Diarmuid Ó Murchú is a fascinating individual. We had the opportunity of hearing him speak at a weekend seminar at the Providence Centre in Edmonton. You love the Irish accent immediately. He is a man of intense faith who has transcended the boundaries of the Roman Catholic spirituality in which he grew up.
He is perhaps best known for his book Quantum Theology. His latest book is Religion in Exile: A Spiritual Homecoming. In this review, well concentrate on his second publication, Reclaiming Spirituality.
You get a hint of where he is coming from in the opening line: Our spiritual story as a human species is at least 70,000 years old; by comparison, the formal religions have existed for a mere 4,500 years. He makes a great deal of his observation that formal religion emerged from spirituality, and not the other way around. That means for organized religion to be truly effective, it has to recover its spiritual roots.
Ó Murchú works as a counselor and social psychologist in London, England. As such he has first hand knowledge of the hunger of people for something beyond their day to day life, the millions across our world who hunger for deeper meaning. The signs of a spiritual awakening are all around us, he says. Peoples love of nature takes them to God. The human capacity to question is alive and well. Moreover, we are re-discovering the power of story to convey meaning and carry us outside our current boundaries.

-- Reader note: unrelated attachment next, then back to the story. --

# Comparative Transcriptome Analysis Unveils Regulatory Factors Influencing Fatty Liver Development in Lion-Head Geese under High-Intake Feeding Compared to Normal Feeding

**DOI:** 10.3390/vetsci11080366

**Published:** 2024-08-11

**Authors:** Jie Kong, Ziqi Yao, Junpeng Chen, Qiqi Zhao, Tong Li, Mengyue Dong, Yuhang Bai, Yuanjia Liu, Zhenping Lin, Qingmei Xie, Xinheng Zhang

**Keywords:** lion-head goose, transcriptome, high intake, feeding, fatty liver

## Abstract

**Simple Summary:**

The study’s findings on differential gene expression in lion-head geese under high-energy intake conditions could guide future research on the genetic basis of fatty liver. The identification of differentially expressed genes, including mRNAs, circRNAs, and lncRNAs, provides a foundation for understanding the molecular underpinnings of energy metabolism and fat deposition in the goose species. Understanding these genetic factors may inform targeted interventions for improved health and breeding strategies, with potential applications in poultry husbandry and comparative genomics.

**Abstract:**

At the same time we are becoming more humble. A growing consciousness is surfacing in todays world that no one field of wisdom or knowledgenot even the religious onecan point us in lifes true direction.
Ó Murchú is critical of organized religion that maintains boundaries within which people must practice their spirituality. He prefers what he calls the horizon model, an open system in which people seek the spiritual avenues to God which best suit them, and look to religion to sustain them and help them develop that spirituality.
For Ó Murchú we live in a Spirit-filled universe. Both the scientist exploring the quarks and gluons that form matter, and the artist capturing the beauty of a single rose experience the wonder of the universe crying out to them. Ó Murchú sees no conflict between the science of our time and religion, only a single search for insights accompanied by a attitude of awe and wonder.
Ó Murchú relates strongly to the insights of feminist theology. It was the feminine nature of God that dominated much of what we think of a pre-history, from 40,000 BCE to c. 10,000 BCE. The male God, hierarchy and male dominance are recent inventions.
The final words in the book: We need new ways of befriending, supporting and enlightening each other in this new exploration and, in due course, well need new rituals to acknowledge, negotiate and celebrate the spiritual revolution that is waiting to erupt onto the world state. Its irruption will be a timely eventnot without its chaos and confusionand blessed are those who are open to receive it.
Review by Clair Woodbury
Diarmuid Ó Murchú, Reclaiming Spirituality. New York: The Crossroad Publishing Company, 1999. $24.95 in Canada.